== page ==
Another Art Heaven

The Mill Girls by Mico Kaufman
Every time I visit one of these artsy small-ish New England towns I wonder, how come I didn’t move here after college and my carnival years? A small town with SO MUCH art happening seems like it woulda been perfect for me.

Apart from the fact that Lowell, New Bedford, Salem and Brattleboro, Vermont weren’t all art mecca-y in 1980 (not by a long shot — more they were depressed and struggling), I would’ve needed a batch ‘o’ pals (or one anyway) to do this with (I've never really been much of a loner type). All the folks I knew then, who were doing the commune in rural Vermont/Oregon/New York thing, weren’t my cuppa, Kevin’d gone off with the Navy and, oh yeah, I didn’t have a car. That bit seemed sorta critical.

In any case, yesterday I visited Lowell again, for a few hours. Such a great place!

There’s the Arts League of Lowell, the Brush Art Gallery and Studios, the Whistler House Museum, the New England Quilt Museum and a bunch more joints that I have just GOT to visit

Before starting my mini art tour, my friend Gene (who lives and works in Lowell) and I went to lunch at the best place EVER — Life Alive. Tag line found on their site Vegetarian food even a meat lover can crave.

 I had The Goddess (Our famous Ginger Nama Shoyu Sauce nurturing carrots, beet, broccoli, dark greens, & tofu gracing short-grain brown rice) wrap with the Island Alive Smoothie. Gene had The Adventurer (Our Sesame Ginger Nama Sauce combines with a colorful mix of corn, beets, broccoli, dark greens, shredded cheddar, tofu & tamari almonds over quinoa & short grain brown rice).

Art at Life Alive
AMAZING! And filling. I ate too much and could’ve done with a nice nap afterward. Instead, I set off for the Whistler Museum.

From WGBHArts:
The Whistler House Museum of Art, the birthplace of the artist James McNeill Whistler, was established in 1908 as the permanent home of the Lowell Art Association, Inc. The Lowell Art Association, Inc. (est. 1878) owns and operates the museum as an historic site and art museum. Built in 1823, the Whistler House represents the richness of both Lowell’s history and it's art. The museum maintains its permanent collection of late 19th and early 20th century artwork, and organizes contemporary and historical fine arts exhibitions in the adjacent Parker Gallery. The Lowell Art Association and the Whistler House Museum of Art values and encourages the development of creativity and use of art in everyday life as part of its mission.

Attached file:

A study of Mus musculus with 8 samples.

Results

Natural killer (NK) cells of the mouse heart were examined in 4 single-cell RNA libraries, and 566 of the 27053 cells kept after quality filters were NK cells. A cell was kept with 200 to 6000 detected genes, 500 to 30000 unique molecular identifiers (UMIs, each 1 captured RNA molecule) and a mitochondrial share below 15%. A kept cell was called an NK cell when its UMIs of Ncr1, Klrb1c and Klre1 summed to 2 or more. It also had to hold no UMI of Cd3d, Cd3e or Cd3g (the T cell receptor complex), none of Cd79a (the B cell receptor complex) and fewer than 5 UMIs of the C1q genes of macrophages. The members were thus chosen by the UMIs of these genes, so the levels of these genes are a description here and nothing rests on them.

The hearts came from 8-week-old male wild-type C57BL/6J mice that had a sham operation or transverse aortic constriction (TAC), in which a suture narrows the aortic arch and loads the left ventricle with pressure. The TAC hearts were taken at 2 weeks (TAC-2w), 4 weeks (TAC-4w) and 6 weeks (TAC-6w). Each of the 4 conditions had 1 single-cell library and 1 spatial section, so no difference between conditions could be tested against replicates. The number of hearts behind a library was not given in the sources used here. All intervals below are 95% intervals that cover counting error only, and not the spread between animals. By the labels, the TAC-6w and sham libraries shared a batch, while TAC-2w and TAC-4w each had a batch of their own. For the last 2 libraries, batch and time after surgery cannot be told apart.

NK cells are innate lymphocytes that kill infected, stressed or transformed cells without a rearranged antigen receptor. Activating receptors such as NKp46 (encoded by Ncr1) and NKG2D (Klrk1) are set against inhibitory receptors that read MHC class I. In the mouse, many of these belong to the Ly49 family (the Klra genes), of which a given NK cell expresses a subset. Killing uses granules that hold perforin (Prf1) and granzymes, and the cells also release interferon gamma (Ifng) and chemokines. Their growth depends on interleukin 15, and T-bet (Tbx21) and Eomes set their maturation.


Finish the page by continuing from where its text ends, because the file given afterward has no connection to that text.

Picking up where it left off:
John Singer Sargent sketch
Sadly, I missed the contemporary quilt show that’s going on now. I didn’t catch what the museum attendant lady was saying — she pointed at this brill pic, made an its-that-away gesture and then moved on to other folks. Yeah, I could’ve stopped her and said “Hey, I don’t understand. Where can I see this particular work” but I was feeling a little overwhelmed (and logey from the fab, big lunch) AND I figured I’d just stumble over it. No. Oh well. Show’s up through late September, I can go back.

The joint has art classes for kids as well as adults, an artist in residence program, lectures, musical performances, and more.

The pieces that stood out to me weren’t by Whistler. There was a gorgeous sketch by John Singer Sargent, the sculpture of Whistler by Mico Kaufman (above left) in the adjacent park and a collection of sketches and small paintings by Arshile Gorky.

Oh yeah and I was particularly taken with this copper lined tub. Of course. Which reminds me, the restroom at Life Alive? It was one big-for-a-restaurant-loo room with a bathtub filled with cactus and other succulents and artworks covering the jewel tone painted walls. I could’ve dallied in there for hours! Sadly, my camera was back at the table.